Tuesday, September 01, 2009

My Kindle and Me

I purchased a Kindle 2 from a little over a month ago, and I love it. I wasn't sure I would. I mean, I love books - I like how they feel in your hand, I enjoy the smell, delight in turning the pages. Guess what? Other than the smell, the Kindle duplicates these things just about perfectly. So much, in fact, that I often forget I'm reading it, and scan the room for my bookmark when I want to put my book down.

In the month that I've had my Kindle, I've used it to read five novels, a novella, and countless blogs and newsletters. And if you stop in the middle of a newsletter, say, and decide to start reading a novel, and then go back to the newsletter later, you pick up exactly where you left off. Multiple bookmarks, just like with "real" books!

And, yes, you quickly get used to turning pages via a button. I know it's hard to believe now, but by halfway through Stephen King's novella UR, it had become almost second nature to press that "next page" button. And one of the nicer things about the Kindle is that, if you want to find a piece of information you remember reading earlier in the book, it's only a text search away!

The Kindle 2 runs $299 and the Kindle DX, it's larger cousin, (10.4" x 7.2" x 0.38" vs. 8" x 5.3" x 0.36") costs $489. I almost bought the DX. but in the end couldn't really justify the cost difference, especially when you consider that the price difference ($190) can buy a lot of eBooks! And though I occasionally wish I'd sprung for the bigger Kindle - magazines and graphic novels, while readable on the K2, would certainly be much more readable on the DX - I'm overall happy with my decision. If nothing else, when they eventually come out with the Kindle Color (or maybe Kindle Kolor - geez, I hope not!) I'll only be replacing a $300 device, and not a $500 one.

For those who don't know, the K2 holds approximately 1,500 eBooks. That's a lot of reading material, and at this point I don't think I've even used 5% of that space. And even if I do, I can archive material on my PC or simply let Amazon do it for me. They keep a listing of everything you've purchased through them or had them convert, (they have a service that will convert .txt, .doc, and a whole bunch of other file formats to the Kindle format, via attaching the file to an email and sending it to your special Kindle address, for $.15) so if you want to physically delete something from your Kindle, you still have it in your Kindle page on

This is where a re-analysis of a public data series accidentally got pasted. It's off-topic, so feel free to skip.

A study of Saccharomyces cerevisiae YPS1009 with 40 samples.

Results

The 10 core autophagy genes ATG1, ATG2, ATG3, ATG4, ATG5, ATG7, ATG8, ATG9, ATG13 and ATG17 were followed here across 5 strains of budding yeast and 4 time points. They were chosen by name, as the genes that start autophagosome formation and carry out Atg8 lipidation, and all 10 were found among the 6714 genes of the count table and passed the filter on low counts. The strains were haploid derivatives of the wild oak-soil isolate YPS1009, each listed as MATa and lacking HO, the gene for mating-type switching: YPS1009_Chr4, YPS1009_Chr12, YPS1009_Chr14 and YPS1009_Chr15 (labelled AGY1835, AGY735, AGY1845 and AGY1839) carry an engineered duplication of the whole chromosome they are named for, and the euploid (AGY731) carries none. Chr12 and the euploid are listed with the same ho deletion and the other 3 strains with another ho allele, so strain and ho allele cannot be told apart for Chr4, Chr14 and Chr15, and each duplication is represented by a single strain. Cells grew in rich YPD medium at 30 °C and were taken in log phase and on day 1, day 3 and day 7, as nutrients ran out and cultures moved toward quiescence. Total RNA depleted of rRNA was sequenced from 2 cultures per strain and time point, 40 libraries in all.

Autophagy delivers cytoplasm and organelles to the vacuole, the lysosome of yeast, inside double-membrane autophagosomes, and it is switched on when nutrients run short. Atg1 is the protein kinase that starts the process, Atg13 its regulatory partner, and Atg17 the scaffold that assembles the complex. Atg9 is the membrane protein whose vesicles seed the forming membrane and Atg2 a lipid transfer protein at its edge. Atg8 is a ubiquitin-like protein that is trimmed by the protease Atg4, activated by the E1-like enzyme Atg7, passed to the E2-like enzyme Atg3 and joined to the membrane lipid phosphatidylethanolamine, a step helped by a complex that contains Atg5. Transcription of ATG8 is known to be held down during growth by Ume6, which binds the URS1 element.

And, of course, everything is delivered to your device wirelessly, via WhisperNet, Amazon's 3G network. There are no monthly or start-up fees. You buy the Kindle, you have access to WhisperNet, simple as that. And, really, you never have to spend a dime after the initial purchase of the Kindle. Go to Project Gutenberg ( and download all the free classic eBooks you want. You can even forgo Amazon's $.15 translation into Kindle format fee by sending the file to a special address that, instead of then sending the converted file to your Kindle, sends it back to you. Then you're only a USB cable away from uploading it to your Kindle yourself. (There are also independent utilities out there that you can use to convert files to the Kindle format without Amazon's involvement.)

I could write a lot more about the K2 features - text-to-speech, for instance, or the ability to play MP3's - but really, the proof is in the pudding. If you have a friend or a relative with a Kindle 2, DX, or even the first generation Kindle, ask them if you can give it a spin. For me, it was actually holding and using my brother-in-law's first-gen Kindle that sold me on the concept. Before that, I was one of the "I'll never give up real books" people. Afterward, I couldn't wait to own my very own Kindle 2.

Another nice thing about the Kindle format is the price of books. Most new hard cover novels are anywhere from $24.95 to $27.95. In Kindle format, most are $9.99. (There are some as high as $14.95.) That's a huge savings, not to mention the benefit of not having to sandwich yet another beefy novel into your already-overcrowded bookshelf. If, like me, you read a lot, both the money and the space saved, over the long term, will more than make up for the initial $300 cash outlay.

So, have I sold you yet? If you want to check out the Kindle 2 or Kindle DX for yourself, head on over to Amazon and give it a whirl!